Tuesday, March 04, 2008

Omnivores Dilemna - Part two

OK, I can't just let go.

I think about the issues of sustainability and the environment and agriculture a lot because of my job and our hobby farm.

I work at a seed company developing popcorn hybrids. I am directly involved with the industrial agriculture community. I find it is full of people that are trying hard to make a living but also make it in the best way they can. There are a lot of chemicals used - pesticides, herbicides, fungicides, and seed treatments. Mostly to prevent yield loss from pests, weeds, and diseases. We also grow some plots without most of the chemicals and it is such a difference. Weeds are the main problem. Controlling weeds without herbicides is a definite pain, with a lot of hand weeding, hoeing, and cultivating with the tractor it is doable, but difficult. It would sure be hard to farm 1000 acres that way.

I need more experience with organic production because my impression is that it is not feasible on a large scale and many of the rules are artificial. Their angry refusal to consider transgenic plants I also find hypocritical. They spray large amounts of Bt - bacillus thurigensis, but are opposed to transgenic Bt because it might be a health and environmental risk? I just don't get it. Morally you could say that it is because we don't want to mess with nature, but breeding already messes with nature.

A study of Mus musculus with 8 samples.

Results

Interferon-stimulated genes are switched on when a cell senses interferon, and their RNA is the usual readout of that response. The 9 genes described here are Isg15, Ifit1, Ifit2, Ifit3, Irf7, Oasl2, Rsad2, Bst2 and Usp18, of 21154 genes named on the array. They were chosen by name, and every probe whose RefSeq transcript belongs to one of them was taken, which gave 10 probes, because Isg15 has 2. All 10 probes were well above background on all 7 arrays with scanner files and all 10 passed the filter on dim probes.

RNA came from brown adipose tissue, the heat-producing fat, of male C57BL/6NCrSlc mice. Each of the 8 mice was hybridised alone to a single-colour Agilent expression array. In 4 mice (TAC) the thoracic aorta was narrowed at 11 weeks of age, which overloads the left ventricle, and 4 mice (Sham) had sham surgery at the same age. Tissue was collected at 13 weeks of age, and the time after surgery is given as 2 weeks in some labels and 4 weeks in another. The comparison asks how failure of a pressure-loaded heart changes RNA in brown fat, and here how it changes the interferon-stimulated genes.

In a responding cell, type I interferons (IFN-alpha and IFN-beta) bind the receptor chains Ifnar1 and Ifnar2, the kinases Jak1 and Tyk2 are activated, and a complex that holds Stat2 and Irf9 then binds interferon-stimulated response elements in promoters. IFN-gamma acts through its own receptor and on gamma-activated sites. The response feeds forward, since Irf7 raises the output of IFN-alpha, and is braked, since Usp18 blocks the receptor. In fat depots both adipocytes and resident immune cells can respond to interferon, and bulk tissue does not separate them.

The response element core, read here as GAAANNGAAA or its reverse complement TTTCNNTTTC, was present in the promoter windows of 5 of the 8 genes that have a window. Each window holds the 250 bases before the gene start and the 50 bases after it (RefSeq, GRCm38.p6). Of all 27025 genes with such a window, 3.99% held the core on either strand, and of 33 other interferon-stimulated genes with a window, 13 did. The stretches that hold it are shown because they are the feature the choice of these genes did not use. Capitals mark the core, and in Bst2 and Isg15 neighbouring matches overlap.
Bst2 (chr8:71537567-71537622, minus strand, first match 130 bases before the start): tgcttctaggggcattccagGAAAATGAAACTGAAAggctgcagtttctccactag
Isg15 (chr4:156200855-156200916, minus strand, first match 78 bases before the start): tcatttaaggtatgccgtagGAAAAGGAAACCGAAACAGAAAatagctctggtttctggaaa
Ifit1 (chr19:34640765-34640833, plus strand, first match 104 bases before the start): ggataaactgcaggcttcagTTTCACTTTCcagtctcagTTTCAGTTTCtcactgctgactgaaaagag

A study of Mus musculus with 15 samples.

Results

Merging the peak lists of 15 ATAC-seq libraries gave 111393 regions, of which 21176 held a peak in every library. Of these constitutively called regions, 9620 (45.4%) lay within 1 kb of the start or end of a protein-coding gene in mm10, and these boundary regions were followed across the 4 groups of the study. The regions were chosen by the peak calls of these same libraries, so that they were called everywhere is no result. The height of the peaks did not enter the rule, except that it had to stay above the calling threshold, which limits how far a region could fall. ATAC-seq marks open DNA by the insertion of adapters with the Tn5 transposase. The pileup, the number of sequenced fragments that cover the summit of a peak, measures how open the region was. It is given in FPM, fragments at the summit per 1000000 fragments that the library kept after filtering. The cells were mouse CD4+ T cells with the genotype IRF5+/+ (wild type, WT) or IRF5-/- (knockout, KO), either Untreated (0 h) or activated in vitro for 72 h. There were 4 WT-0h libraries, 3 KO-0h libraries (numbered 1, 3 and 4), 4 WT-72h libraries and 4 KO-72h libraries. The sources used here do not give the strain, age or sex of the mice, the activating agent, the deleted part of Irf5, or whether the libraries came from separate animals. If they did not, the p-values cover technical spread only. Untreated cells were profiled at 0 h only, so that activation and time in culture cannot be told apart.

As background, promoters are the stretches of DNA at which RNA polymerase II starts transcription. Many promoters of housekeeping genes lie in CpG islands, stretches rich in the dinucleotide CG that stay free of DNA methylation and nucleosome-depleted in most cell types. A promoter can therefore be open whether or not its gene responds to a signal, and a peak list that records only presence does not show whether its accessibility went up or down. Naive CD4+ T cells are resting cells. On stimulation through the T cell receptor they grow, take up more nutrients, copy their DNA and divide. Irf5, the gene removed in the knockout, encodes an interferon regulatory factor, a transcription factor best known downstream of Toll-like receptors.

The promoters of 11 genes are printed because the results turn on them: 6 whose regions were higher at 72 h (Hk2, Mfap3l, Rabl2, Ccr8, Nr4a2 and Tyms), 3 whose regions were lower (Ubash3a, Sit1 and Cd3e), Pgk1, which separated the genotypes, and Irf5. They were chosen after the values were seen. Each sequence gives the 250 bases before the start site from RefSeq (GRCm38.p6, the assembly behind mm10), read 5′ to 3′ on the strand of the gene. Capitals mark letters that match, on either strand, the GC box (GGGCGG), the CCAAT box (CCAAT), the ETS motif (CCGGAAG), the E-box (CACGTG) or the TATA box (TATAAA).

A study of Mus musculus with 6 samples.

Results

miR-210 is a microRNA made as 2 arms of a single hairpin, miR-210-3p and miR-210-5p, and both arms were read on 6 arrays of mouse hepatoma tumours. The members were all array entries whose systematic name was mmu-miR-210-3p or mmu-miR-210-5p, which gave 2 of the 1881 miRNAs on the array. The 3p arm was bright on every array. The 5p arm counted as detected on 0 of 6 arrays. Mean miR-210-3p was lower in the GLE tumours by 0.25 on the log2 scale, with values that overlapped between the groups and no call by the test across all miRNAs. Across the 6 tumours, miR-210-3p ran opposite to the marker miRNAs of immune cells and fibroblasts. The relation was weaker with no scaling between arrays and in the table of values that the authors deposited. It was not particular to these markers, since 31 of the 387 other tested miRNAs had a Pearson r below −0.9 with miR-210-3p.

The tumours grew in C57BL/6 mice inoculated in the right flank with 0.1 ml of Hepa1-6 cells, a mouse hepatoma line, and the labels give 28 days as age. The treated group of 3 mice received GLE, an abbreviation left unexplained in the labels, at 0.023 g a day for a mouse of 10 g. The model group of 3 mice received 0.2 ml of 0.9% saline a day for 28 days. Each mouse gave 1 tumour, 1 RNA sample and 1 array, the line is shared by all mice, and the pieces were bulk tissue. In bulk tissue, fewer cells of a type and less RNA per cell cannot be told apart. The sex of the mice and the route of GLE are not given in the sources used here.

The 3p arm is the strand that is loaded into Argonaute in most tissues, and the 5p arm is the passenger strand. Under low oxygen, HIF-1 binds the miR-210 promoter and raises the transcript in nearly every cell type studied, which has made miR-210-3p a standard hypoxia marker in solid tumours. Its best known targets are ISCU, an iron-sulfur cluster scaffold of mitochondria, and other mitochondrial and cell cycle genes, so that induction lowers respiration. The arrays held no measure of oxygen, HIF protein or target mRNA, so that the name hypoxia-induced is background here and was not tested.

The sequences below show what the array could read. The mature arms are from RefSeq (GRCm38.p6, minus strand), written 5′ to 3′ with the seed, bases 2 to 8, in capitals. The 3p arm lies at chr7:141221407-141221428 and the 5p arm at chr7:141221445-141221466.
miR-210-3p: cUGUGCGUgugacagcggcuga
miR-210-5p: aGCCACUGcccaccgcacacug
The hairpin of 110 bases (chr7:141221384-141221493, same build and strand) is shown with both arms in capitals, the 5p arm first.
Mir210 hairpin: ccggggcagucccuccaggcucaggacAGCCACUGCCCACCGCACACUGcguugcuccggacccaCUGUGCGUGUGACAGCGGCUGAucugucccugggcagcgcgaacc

At home we have a small acreage. I don't want to have 5 acres of grass to mow and so we have debated how to handle it. Last year we boarded some horses for our friends the Nef's. I think we may this year for a time also, but long term we would like it to be productive. This year our plan is to raise 25 chickens - a rooster, 12 brown egg layers, and 12 from the "Rainbow egg layers" - I am a sucker for reduced price mixes. We are also going to raise 3 pigs. Leila is going to have a huge pumpkin patch with 4 species and 6 varieties of pumpkin. We hope to have a U-pick pumpkin patch and plan to sell them for ~3 dollars each. We also have increased our garden patch and have started a small orchard.

That is our answer to the Omnivores Dilemna - we want to try a sustainable production at home. The question that still remains is whether we can pull it off. Chickens last year didn't go so great - we lost most to predators. Weeds are always a problem. We are going to try using the pigs to "rotatill" the plots for the pumpkins and we are going to spray herbicides.

4 comments:

B-Ring said...

Michael Pollan gave a free lecture on "The Omnivore's Dilemma" at Butler University on Feb 25th. i wonder if there was a book signing.

Brian G. said...

I wish that I had known. I would have liked to have been there. I heard of the book for the first time in a princeton lecture he gave during a series about food, ethics, and the environment.

Becca said...

I want to take a trip to see the Gardunias and buy a $3 pumpkin in October!